The Federal Reserve’s capital has turned negative for the first time in its history, raising concerns about the central bank’s ability to weather future financial crises.
The Fed’s capital, which is the difference between its assets and liabilities, fell to negative $20.9 billion at the end of 2020, according to its annual financial statements. This is a significant drop from the positive $39.1 billion in capital the Fed had at the end of 2019.
The negative capital position is largely due to the Fed’s massive balance sheet expansion in response to the COVID-19 pandemic. The central bank has purchased trillions of dollars in Treasury bonds and mortgage-backed securities to support the economy and keep interest rates low.
While these actions have been necessary to prevent a deeper economic downturn, they have also increased the Fed’s risk exposure. If the value of the assets on the Fed’s balance sheet were to decline significantly, it could wipe out the central bank’s capital and leave it unable to fulfill its mandate of maintaining price stability and promoting full employment.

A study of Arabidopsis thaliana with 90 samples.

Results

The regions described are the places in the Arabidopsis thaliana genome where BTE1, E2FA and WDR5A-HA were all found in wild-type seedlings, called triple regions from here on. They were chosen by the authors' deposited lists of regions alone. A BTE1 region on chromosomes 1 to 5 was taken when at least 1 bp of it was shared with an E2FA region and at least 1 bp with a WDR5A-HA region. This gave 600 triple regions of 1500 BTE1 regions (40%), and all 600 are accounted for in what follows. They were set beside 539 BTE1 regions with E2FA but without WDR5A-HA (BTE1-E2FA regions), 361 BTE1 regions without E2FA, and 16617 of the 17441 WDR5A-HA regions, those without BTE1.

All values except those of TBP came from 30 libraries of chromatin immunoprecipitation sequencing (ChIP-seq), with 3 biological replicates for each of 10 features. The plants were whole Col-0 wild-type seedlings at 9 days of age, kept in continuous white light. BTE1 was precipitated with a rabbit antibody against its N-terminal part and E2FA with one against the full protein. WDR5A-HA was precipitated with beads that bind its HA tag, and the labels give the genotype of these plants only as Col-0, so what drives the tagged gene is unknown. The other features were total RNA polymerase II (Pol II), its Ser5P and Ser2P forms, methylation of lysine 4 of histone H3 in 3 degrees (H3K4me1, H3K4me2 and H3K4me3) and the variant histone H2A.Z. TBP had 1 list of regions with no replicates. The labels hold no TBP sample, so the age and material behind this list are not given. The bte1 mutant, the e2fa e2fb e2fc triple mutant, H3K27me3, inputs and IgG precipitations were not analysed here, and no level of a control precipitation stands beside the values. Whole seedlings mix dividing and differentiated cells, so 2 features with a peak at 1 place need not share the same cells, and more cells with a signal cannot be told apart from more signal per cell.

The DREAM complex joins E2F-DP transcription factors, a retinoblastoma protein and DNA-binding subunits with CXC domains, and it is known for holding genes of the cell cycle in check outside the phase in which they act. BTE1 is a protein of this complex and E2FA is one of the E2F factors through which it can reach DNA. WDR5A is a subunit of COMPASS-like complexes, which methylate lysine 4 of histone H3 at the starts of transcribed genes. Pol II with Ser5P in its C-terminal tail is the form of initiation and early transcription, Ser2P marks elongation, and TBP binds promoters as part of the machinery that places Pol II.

To address this risk, the Fed has implemented several measures to strengthen its financial position. It has suspended its dividend payments to member banks, which will save it an estimated $19 billion per year. It has also established a new facility to purchase corporate bonds, which will diversify its asset holdings and reduce its reliance on Treasury securities.
Despite these efforts, some experts are still concerned about the Fed’s ability to weather future financial crises. The central bank’s capital position is now weaker than that of many of the banks it regulates, which could undermine its credibility as a regulator.
Moreover, the Fed’s ability to respond to future crises may be limited by political pressure. The central bank has already faced criticism from some lawmakers for its actions during the pandemic, and there is a risk that it could face even more scrutiny in the future.
In conclusion, the Fed’s negative capital position is a cause for concern, but it is not yet a crisis. The central bank has taken steps to strengthen its financial position, and it still has significant resources at its disposal. However, policymakers must remain vigilant and take steps to ensure that the Fed is able to fulfill its mandate in the years ahead.